Fund for Advancing Computational Technology
Advancing Physics & Astronomy teaching and research for students and faculty
In January 2016, the TEAL (Technology Enabled Active Learning) Classroom was dedicated. By mid-semester, this versatile, team-based learning classroom was up and running. Made possible through the generosity of Physics & Astronomy student and university benefactor Samuel L. Lord, the TEAL Classroom allows professors to apply new teaching methodologies with cutting-edge technology in a beautiful, aesthetically pleasing space. To have a look, visit the Physics & Astronomy Department home page.
While the TEAL classroom will provide the infrastructure for new physics and astronomy pedagogies, Mr. Lord is also very interested in the department's computational capacity—and he is committed to helping the Department acquire a dedicated computing cluster. With increased computational capacity, UofL's physics and astronomy researchers (both professors and students) will more easily be able to participate in computer-aided research areas of physics, astronomy, and atmospheric sciences, to submit more competitive grants that will deepen research productivity, and to attract highly qualified faculty, graduate students, and undergraduates.
In offering to match your giving 1:1, Mr. Lord is committed to providing a robust computational technology to enable faculty and students to do much more extensive original research—research with the potential to unlock cleaner energy, bring greater accuracy to predicting major weather events, and advance the frontiers of nanotechnology.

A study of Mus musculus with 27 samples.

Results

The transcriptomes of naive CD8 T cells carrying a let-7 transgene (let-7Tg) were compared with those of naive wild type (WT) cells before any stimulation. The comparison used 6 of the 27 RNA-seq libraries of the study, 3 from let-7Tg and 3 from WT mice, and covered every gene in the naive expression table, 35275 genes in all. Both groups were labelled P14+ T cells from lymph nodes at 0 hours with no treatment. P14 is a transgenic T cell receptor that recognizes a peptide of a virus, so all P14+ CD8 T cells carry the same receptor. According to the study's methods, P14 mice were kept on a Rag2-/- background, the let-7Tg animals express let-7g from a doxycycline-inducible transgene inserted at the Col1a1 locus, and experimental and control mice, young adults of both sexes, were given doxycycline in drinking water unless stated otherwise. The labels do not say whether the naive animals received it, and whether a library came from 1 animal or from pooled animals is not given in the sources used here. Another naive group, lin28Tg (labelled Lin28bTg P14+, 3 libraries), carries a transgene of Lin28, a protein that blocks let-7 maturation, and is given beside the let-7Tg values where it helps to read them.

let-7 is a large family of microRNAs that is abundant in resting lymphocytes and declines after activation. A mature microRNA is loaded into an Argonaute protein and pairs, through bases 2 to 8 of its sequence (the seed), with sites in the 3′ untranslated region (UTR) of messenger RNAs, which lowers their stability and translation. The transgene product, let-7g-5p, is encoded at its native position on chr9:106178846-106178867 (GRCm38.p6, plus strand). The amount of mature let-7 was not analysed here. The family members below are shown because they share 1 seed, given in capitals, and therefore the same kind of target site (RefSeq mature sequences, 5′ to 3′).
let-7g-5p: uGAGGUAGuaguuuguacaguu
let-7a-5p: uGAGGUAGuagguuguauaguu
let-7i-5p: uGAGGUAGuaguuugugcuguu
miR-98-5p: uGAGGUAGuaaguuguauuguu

To maximize the use of the acoustically and aesthetically well-designed TEAL classroom outside of instructional time, it will also serve as a computational lab for faculty and student researchers. The UNIX core of each Mac Mini will easily connect to a LINUX server. Affirming the importance of positioning UofL's College of Arts and Sciences competitively in this arena, the University is providing the generous gift-in-kind of temperature-controlled space and an uninterrupted power supply (UPS) for the computing cluster.
Your gift, matched 1:1 and combined with a portion of Sam's original gift, will facilitate the purchase of a research computing cluster with sufficiently large data-storage capacity, computational power (GPU processors), and a fast network connection required for realistic simulations of nanoscale materials and materials genomics research, modeling of different regions of the atmosphere, and big data research in astronomy and high energy physics.
Configured for the specific application and software needs of the Department's physicists, astronomers, and atmospheric scientists, this computing cluster will enable researchers in all areas of the Department to contribute more effectively in big-data research, the primary focus of the National Science Foundation. Acquiring this dedicated research computing cluster will level the playing ground for UofL researchers and they can start competing with peer institutions (e.g., Ohio State University, U. of Pittsburgh, University of Illinois, etc.) that have access to powerful supercomputers on cutting-edge research and procuring extramural grants.